Lidari’s suspect feet ultimately led to the import becoming embroiled in the high-profile cobalt case involving his trainer Peter Moody.
Lidari produced a reading of 410 micrograms per litre of urine when he ran second in the Group I Turnbull Stakes in October last year.
Moody is facing two charges relating to the administration of cobalt to the horse and another of presenting the horse to race with an elevated level of cobalt in his system.
Lidari arrived at Moody’s stable in January 2013 but had brittle feet, which required treatment with a product called Availa-4, which is advertised as containing organic zinc, manganese, copper and cobalt.
Availa-4 is said to help a large number of equine issues, including “skin and hoof integrity” as well as muscle development, fibre digestion and energy metabolism.
Moody’s Racing Appeals and Disciplinary Board case began on Monday with expert evidence from expert witness Dr Martin Wainscott, who worked on cobalt cases when working for Harness Racing New South Wales.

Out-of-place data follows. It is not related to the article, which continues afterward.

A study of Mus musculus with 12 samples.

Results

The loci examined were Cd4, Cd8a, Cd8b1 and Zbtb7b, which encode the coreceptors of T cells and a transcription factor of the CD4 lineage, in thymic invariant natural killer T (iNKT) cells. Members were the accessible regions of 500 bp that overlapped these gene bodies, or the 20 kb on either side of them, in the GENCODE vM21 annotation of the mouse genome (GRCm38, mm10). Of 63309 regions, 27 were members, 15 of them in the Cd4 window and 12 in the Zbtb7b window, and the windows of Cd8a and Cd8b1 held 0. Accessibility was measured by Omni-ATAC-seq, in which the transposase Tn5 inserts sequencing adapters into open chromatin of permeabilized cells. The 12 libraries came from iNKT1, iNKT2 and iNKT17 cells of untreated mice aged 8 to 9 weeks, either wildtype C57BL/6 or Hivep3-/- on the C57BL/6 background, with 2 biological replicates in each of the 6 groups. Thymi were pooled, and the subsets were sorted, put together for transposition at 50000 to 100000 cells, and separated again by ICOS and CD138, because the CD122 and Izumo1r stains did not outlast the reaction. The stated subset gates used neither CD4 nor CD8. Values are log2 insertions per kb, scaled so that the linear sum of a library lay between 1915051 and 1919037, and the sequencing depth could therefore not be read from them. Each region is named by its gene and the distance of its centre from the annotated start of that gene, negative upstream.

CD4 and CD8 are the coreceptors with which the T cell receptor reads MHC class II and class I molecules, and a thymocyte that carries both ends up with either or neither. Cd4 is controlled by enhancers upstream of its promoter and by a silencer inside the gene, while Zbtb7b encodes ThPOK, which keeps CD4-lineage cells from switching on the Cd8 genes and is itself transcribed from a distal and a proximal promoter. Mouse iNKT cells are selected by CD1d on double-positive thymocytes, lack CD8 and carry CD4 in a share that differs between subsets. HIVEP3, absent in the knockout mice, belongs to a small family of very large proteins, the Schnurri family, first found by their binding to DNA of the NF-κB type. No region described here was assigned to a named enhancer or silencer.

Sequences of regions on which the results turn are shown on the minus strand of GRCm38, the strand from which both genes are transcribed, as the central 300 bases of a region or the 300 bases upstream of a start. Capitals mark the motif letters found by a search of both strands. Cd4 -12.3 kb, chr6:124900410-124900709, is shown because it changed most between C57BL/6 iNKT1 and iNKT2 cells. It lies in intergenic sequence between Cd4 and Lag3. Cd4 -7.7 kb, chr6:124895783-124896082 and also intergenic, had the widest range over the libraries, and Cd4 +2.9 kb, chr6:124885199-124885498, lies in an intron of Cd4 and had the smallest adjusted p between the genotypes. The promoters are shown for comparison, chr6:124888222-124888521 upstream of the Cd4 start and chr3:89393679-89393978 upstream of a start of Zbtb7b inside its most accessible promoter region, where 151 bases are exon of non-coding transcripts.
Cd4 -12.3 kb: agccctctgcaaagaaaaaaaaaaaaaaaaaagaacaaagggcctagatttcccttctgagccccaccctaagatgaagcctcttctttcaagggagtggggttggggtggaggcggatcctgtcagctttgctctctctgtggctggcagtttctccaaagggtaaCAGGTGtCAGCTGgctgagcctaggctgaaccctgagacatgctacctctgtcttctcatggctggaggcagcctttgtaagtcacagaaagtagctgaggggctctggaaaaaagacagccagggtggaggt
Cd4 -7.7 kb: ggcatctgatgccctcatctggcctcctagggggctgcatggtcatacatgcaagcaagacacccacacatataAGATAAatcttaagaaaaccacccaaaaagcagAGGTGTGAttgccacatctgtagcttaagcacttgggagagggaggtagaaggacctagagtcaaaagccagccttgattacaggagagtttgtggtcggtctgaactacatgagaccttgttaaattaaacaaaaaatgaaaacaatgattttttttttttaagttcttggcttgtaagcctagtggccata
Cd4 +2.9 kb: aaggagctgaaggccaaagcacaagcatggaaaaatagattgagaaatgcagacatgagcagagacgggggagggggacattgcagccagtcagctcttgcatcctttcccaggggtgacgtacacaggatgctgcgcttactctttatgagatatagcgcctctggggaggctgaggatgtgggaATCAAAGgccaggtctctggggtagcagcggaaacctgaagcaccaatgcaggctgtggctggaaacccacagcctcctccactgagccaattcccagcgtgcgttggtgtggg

Moody’s counsel Matthew Stirling told the RAD Board that Racing Victoria stewards “got it wrong” when conducting administration trials designed to copy Moody’s routine of giving Lidari the supplement that contained cobalt.
However, Stirling told the RAD Board the trials were incorrectly conducted because the five horses were given an average dose of 9.7 grams of cobalt when the average dose of a 30ml scoop is 18.5 grams.
Stirling also said a mix-up between two employees in charge of the feeding at Moody’s stable might have also led to Lidari’s elevated reading.
Stirling told the RAD Board one employee gave Lidari two scoops of Availa-4 in the morning and another in the afternoon, which he said led to the horse getting 100 milligrams of cobalt per day, almost 10 times more than what was administered in the stewards’ controlled trials.
The case will continue on Wednesday afternoon.